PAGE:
Each Sixth Grader will play the role of a specific delegate to the Constitutional Convention– see your assignment. Each student will use this template to prepare their speech for the Constitutional Convention. Use the following resources to learn about your state’s needs so that you would know how to vote and compromise on:
- how to create a fair system of representation in Congress (i.e., give each state one vote? or provide more POPULOUS states a larger number of votes?
- how to count the population for representation if slavery existed in that state
- how to strengthen the federal government while STILL protecting the rights and freedoms you just fought for in the American Revolution? How do you put LIMITS on the powers used by the leaders?
- how to raise money to run the government: should you charge tax according to the PROPERTY that each state has, counting slaves as property?
Databases to use:
- Gale’s Biography in Context (search by the name of the person) to learn a little about who they are and what they cared about at the Constitutional Convention
- Gale’s US History in Context (search by topic such as “Great Compromise” or “Virginia Plan”) If you are logged in to MackinVia, you can view some excellent general resources in this helpful order:
- Kids InfoBits provides some articles that are shorter and easier to read
- World Book
Resources to understand ECONOMY:
- 13 Colonies’ Economies. (How do we understand what an economy IS? See what was grown in each colony. 13 Colonies’ Economies 2. Compare the wealth in each colony– which were the richest?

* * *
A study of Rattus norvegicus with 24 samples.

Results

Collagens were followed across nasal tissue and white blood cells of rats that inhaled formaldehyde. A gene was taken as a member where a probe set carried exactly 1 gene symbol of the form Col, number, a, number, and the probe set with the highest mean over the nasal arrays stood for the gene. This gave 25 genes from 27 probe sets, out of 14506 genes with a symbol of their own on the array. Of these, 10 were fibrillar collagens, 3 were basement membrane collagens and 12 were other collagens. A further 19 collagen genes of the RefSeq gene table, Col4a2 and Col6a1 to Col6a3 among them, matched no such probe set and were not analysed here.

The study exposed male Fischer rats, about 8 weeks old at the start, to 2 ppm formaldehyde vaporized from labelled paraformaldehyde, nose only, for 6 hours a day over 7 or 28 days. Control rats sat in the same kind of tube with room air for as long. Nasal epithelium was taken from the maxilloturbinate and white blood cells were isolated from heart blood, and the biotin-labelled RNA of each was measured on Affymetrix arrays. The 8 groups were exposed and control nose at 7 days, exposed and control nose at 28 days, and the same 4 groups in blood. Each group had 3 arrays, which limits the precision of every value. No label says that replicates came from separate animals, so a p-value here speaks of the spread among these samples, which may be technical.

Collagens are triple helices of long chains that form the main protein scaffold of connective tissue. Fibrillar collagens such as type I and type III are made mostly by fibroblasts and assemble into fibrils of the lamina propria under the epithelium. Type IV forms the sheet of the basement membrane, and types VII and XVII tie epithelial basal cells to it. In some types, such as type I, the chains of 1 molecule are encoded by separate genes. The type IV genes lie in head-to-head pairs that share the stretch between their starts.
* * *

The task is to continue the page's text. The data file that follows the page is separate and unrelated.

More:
- Economies and Communications: if you persist with this long article, starting at the topic of “Land and Agriculture” you can learn a lot about the economy of your state.
- Apply the databases and articles that are sometimes shared in a COLONY project at H-B to show understanding of the natural resources and economy of the state you are representing.
Web sites recommended:
- Census Bureau information: For the population of each colony in 1780, counting both Whites and African Americans, use page 16. To see how many African Americans were imported as slaves and might be taxed as property, use page 21
- Paste this citation for that source into your bibliography:
“Chapter Z, Colonial and Pre-Federal Statistics.” Historical Statistics of the United States, United States Census Bureau, www2.census.gov/library/publications/1975/compendia/hist_stats_colonial-1970/hist_stats_colonial-1970p2-chZ.pdf?#.
- http://teachingamericanhistory.org/ (use the section on the Constitution. It can give you info on delegates, on what committees they served and how their states voted on some issues. Look at Madison’s Notes. You can get direct quotes from many of the delegates to be used in your paper and in the mock convention.)
- http://www.history.army.mil/books/RevWar/ss/ss-fm.htm This is a really good site for those delegates who served in the military. This is also known as “Soldier-Statesmen of the Constitution.”
ttp://www.congressforkids.net/Constitution_delegates.htm This is a good site to read to give you an overview of the Convention.
- https://www.constitutionfacts.com/us-constitution-amendments/the-constitutional-convention/ Some of the leaders have their information here.
These tools help you to generate citations:
- EasyBib (make sure you use the tab for MLA-8 to be current)
- NoodleTools (If you have used it before, get your free account from the librarian. You will learn more about it in 7th grade. Use these NoodleTools tutorials.)
- The OWL at Purdue gives models for a huge variety of sources to support your creating of your bibliography:
- For your Final Draft of your “Works Cited” list…
Primary sources- so cool!
The Library of Congress and other sources have preserved some documents used in 1787. Here’s what some of them said. Are any documents containing ideas that your delegate would support?